London: Nineteen percent of the world’s reptiles are close to extinction, according to a new study.
The study involving more than 200 experts from the Zoological Society of London (ZSL) and the IUCN Species Survival Commission (SSC) is the first of its kind, summarising the global conservation status of reptiles.
These experts assessed the extinction risk of 1,500 randomly selected reptiles from all over the globe.
Of the estimated 19 percent of reptiles threatened with extinction, 12 percent have been classified as critically endangered, 41 percent endangered and 47 percent vulnerable, the journal of Biological Conservation reports.
Three critically endangered species were also highlighted as possibly extinct. One of these, a jungle runner lizard Ameiva vittata, has only ever been recorded in one part of Bolivia, according to a ZSL statement.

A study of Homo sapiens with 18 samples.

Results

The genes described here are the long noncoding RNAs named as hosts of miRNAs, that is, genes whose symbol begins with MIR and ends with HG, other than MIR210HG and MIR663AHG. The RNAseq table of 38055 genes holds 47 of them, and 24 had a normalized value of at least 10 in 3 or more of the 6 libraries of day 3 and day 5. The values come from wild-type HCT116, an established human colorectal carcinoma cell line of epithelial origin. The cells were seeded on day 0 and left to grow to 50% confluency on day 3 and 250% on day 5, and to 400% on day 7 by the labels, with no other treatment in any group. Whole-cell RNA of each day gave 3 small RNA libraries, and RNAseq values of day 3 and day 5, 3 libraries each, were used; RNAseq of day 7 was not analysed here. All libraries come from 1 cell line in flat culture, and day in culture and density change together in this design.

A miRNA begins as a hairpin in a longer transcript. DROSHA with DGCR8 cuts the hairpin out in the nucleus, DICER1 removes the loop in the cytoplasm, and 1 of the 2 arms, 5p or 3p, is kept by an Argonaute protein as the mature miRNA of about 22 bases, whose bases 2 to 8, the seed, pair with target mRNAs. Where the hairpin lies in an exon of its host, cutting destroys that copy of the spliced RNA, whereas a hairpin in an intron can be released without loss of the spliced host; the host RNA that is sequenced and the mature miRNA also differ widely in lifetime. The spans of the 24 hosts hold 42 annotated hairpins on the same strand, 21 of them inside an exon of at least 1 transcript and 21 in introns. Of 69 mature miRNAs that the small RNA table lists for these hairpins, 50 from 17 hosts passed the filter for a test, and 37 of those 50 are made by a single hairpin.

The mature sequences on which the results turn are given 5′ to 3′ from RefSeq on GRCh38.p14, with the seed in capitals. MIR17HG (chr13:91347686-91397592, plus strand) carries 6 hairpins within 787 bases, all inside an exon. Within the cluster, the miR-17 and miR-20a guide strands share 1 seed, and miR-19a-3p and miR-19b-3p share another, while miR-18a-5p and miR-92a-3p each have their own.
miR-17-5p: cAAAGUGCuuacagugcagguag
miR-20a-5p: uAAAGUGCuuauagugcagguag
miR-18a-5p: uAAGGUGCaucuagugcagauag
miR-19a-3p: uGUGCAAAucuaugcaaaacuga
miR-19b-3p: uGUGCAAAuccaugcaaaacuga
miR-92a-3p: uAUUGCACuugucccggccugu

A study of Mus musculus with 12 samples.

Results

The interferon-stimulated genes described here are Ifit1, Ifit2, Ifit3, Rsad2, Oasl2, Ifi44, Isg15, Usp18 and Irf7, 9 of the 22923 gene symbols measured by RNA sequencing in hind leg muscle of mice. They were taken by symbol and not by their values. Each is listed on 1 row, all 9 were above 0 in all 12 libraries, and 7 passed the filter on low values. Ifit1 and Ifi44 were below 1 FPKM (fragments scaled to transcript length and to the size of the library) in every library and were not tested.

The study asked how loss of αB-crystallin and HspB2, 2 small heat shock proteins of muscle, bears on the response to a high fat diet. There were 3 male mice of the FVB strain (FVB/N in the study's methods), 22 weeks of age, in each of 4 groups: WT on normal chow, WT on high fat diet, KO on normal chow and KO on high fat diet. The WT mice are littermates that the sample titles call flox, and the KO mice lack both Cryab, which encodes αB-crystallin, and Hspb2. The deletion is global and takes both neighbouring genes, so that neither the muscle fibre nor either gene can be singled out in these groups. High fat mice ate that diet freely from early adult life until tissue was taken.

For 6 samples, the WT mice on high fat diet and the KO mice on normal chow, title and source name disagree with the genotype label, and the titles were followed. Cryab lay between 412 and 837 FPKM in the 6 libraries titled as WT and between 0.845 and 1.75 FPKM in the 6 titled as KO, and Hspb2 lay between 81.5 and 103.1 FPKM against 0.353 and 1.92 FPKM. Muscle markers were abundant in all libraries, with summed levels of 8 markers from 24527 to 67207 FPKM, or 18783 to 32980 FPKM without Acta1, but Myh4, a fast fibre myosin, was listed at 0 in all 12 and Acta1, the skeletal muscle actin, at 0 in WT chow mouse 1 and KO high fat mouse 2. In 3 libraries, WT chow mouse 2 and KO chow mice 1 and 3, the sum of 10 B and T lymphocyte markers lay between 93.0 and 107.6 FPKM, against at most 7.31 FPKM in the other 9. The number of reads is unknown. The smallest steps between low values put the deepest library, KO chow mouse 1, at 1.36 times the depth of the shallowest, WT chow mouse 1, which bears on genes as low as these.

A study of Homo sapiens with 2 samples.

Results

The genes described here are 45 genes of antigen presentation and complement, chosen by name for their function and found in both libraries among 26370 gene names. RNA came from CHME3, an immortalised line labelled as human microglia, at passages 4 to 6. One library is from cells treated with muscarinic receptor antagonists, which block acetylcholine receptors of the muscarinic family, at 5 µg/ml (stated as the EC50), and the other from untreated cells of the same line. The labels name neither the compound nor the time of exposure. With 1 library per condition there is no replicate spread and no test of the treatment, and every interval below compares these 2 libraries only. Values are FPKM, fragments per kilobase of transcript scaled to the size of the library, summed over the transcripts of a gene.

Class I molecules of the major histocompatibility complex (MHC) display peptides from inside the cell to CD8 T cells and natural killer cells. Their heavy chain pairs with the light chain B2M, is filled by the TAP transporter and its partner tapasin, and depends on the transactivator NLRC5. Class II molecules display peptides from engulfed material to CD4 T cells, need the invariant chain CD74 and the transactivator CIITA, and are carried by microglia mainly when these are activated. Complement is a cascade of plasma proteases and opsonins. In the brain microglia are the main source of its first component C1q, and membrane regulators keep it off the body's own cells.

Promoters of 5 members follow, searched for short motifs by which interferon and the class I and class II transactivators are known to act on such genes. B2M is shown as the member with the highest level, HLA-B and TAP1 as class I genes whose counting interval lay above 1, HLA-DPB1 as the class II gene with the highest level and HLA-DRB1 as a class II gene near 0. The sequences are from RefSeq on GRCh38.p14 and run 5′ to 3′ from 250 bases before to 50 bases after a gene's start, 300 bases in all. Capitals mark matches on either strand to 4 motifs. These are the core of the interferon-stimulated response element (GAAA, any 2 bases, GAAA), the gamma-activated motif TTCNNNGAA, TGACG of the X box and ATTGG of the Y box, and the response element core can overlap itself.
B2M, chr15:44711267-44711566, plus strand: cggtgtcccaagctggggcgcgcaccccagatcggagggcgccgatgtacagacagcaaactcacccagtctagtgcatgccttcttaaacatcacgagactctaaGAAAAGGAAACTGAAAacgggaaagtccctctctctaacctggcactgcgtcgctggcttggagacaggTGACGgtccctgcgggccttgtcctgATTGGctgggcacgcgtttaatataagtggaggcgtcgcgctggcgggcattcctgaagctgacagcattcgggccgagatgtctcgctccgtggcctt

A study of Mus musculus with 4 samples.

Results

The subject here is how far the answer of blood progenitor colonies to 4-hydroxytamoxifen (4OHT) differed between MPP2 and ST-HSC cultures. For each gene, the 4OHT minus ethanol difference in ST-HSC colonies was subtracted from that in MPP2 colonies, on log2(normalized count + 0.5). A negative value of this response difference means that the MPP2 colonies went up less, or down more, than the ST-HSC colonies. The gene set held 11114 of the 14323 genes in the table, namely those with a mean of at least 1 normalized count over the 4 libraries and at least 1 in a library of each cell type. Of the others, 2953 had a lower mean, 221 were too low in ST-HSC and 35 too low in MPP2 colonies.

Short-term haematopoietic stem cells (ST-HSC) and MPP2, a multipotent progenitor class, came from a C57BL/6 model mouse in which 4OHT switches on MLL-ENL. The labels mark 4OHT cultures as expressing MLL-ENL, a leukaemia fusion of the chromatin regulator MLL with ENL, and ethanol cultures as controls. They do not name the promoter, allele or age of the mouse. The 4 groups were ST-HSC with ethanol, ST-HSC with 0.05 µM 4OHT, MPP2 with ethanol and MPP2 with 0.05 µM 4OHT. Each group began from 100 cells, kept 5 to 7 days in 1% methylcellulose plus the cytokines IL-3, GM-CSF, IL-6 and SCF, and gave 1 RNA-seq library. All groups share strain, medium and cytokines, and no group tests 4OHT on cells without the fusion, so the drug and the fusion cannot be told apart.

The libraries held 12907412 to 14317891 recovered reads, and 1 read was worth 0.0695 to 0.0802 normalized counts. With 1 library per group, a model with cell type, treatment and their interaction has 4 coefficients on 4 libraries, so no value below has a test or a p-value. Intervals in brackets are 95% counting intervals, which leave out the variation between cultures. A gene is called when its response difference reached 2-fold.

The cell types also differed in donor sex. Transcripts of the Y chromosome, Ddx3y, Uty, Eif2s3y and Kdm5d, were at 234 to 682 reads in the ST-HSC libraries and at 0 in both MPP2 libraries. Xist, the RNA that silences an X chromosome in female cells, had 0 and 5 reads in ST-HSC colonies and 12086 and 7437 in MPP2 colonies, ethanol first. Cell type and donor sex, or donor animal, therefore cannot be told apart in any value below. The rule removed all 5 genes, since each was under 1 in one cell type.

Levels of threat remain particularly high in tropical regions, mainly as a result of habitat conversion for agriculture and logging.
With the lizard’s habitat virtually destroyed, two recent searches for the species have been unsuccessful.
Monika Bohm, from ZSL, who led the study, said: “Reptiles are often associated with extreme habitats and tough environmental conditions, so it is easy to assume that they will be fine in our changing world.”
“However, many species are very highly specialised in terms of habitat use and the climatic conditions they require for day-to-day functioning. This makes them particularly sensitive to environmental changes,” Bohm added.
Collectively referred to as ‘reptiles’, snakes, lizards, amphisbaenians (also known as worm lizards), crocodiles, and tuataras have had a long and complex evolutionary history, having first appeared on the planet around 300 million years ago.
They play a number of vital roles in the proper functioning of the world’s eco-systems, as predator as well as prey.
Head of ZSL’s Indicators and Assessment Unit, Ben Collen said: “These findings provide a shortcut to allow important conservation decisions to be made as soon as possible and firmly place reptiles on the conservation map.”